Along for the Rye’d
The Whole Tooth, and Nothing but the Tooth
By Annabel Monaghan
Pullquote: From the days of the tooth fairy to braces, retainers, and beyond.
“That’s just so many teeth,” I said to the confused mother of five seated across from me at lunch. It was a weird follow up to the pretty standard suburban question: “How many kids do you have?” Depending on your point of view, there are plenty of more appropriate reactions, including “how wonderful” and “so you have to make dinner for seven people every single night?” Those thoughts also ran in the back of my mind, along with questions about what kind of a car she drives and if she knows about college tuition. But mostly, I wondered about the teeth.
When a child is getting his first tooth, the world stops spinning on its axis. I imagine it’s the sound of that bloodcurdling scream that throws off the gravitational pull. Those teeth seem to do their best sprouting at around 3am and take a few days to settle in. Do that twenty times with one child and you’ve lost a lot of sleep. Now multiply that by five.
Once you’ve white knuckled it through the getting of teeth, you have to take care of them. Toothpaste is an acquired taste, as is having a stick shoved in your mouth, so negotiating the brushing of a toddler’s hard-won teeth requires strategy. Every night for several years, I would have to distract one of my children by telling him a story about my day while I brushed his teeth. The stories of my regular day were not interesting enough, so I’d make up the tale of the dog I met who spoke Spanish or the man who appeared out of the sidewalk drain to give me flowers. Coming up with this stuff took a lot of time.
It’s a good thing I took such good care of those teeth because, with very little ceremony, they all fell out. All twenty of them, purchased by some weirdo who likes to build castles in the air using children’s teeth as construction material. But the money’s pretty good, so we do her bidding. For each of those lost teeth I snuck back into the child’s room, risking undoing the bedtime ritual by waking him up. I shoved a couple of bucks under his pillow, a couple of bucks that will probably be spent on candy.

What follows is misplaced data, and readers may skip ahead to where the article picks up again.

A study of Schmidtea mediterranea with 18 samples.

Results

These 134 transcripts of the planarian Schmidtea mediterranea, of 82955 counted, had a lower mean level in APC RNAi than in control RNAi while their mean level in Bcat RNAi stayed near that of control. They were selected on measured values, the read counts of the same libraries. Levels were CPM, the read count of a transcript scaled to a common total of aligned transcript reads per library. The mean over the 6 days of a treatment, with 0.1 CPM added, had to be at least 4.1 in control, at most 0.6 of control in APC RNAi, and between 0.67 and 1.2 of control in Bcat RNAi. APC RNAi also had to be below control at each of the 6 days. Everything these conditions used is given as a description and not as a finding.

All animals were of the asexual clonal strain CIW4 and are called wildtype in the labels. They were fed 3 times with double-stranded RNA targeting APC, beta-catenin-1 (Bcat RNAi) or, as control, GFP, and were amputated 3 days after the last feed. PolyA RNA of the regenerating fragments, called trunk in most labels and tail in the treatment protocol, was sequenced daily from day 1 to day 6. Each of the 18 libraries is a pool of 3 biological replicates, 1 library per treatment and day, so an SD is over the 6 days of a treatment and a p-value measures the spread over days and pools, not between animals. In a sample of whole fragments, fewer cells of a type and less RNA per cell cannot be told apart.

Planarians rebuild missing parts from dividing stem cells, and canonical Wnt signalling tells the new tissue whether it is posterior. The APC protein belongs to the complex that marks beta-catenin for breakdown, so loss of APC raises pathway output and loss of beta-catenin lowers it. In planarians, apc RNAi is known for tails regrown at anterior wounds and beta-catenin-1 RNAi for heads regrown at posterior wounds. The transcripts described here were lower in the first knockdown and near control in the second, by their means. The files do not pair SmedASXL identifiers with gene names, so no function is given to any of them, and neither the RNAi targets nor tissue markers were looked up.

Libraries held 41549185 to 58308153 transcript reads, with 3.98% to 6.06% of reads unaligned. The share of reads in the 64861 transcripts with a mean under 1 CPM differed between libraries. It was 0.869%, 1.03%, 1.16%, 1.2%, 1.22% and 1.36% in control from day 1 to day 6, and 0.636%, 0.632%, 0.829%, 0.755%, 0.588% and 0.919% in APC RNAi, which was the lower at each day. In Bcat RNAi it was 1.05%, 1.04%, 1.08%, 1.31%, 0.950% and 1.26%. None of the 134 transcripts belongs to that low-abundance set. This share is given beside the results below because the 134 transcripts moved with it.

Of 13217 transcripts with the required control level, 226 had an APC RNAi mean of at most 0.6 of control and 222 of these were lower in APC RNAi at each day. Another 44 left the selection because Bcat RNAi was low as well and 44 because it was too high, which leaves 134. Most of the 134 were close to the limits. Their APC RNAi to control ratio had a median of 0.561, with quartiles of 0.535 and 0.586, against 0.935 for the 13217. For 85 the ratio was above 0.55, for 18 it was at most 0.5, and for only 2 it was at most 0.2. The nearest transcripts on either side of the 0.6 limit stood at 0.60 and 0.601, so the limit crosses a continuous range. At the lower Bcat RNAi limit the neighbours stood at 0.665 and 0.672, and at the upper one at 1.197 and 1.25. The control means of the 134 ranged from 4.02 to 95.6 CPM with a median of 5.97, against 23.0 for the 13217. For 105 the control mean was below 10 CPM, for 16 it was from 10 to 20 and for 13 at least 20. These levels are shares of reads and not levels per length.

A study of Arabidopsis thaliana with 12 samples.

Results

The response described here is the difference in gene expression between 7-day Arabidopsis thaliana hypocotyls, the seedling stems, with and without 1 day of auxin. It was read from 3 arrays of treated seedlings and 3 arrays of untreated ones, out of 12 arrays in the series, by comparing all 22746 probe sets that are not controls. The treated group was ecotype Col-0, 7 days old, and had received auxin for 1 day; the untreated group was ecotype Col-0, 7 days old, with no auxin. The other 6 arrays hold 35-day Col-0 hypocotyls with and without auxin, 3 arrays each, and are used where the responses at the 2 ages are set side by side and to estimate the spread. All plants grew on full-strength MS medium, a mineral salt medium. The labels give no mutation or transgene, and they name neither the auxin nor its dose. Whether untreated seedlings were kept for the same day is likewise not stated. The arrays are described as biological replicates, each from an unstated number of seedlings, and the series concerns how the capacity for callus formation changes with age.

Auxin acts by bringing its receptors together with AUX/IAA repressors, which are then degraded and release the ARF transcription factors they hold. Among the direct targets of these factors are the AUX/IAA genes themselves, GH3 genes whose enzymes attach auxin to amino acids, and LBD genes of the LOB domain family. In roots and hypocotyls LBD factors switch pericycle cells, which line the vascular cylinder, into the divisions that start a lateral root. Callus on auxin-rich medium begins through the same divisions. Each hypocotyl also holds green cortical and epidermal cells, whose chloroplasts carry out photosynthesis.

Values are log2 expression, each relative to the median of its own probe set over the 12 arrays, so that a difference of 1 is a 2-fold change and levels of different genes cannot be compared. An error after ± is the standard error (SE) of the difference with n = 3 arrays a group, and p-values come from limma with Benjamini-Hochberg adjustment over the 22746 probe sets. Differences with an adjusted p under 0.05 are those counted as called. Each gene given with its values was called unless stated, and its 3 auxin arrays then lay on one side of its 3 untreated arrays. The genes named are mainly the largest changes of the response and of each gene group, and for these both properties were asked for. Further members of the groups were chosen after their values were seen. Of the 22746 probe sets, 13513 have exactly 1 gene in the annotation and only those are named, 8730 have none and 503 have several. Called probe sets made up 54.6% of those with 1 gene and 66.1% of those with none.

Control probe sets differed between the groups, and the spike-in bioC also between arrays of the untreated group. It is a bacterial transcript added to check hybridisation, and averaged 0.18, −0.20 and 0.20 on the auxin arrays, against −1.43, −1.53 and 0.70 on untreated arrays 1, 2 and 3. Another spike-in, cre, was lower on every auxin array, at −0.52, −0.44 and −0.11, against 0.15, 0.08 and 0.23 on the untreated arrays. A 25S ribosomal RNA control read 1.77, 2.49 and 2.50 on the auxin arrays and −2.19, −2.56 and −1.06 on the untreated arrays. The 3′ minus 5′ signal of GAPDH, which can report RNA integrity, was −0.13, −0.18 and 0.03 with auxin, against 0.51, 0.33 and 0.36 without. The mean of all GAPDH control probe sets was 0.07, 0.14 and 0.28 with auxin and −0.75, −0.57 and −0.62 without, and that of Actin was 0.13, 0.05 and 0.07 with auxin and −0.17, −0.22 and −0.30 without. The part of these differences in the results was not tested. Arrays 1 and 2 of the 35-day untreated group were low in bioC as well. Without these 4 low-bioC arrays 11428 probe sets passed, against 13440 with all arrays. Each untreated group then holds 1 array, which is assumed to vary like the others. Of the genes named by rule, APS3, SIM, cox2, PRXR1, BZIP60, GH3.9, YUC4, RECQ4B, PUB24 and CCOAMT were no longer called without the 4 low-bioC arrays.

Speaking of candy, for every child you have, you have to go to the dentist twice a year. Occasionally I’ve gotten lucky and have gotten simultaneous appointments for all three of my kids, but I guarantee no office has five dental chairs in a row. These appointments are hard to get and unbelievably pricey, as my insurance doesn’t cover services like X-box and a full-size Ironman in the waiting room. There’s the cleaning and the occasional cavity, plus the all-important sealants that keep the molars cavity-free, which cost $70 each and make you wonder why you ever started the teeth brushing in the first place.
And in the United States in 2018, every child needs braces. I’ve had three children with perfectly normal-looking teeth diagnosed with Severe Teeth in the Wrong Place Disorder. We’ve had three sets of braces. The first month of a child’s having braces sort of takes you back to the teething stage. The child is in agony with the added bonus of metal slicing the inside of his mouth and a new avenue for social stigma. A full set of braces entitles you to a monthly appointment, several of which you’ll forget, where the pain is restored back to Day 1.
After the braces, there’s the retainer. It costs like $700 and it will get lost, at least once. So, I raise my dental floss to you, mother of five. I just don’t know how you do it.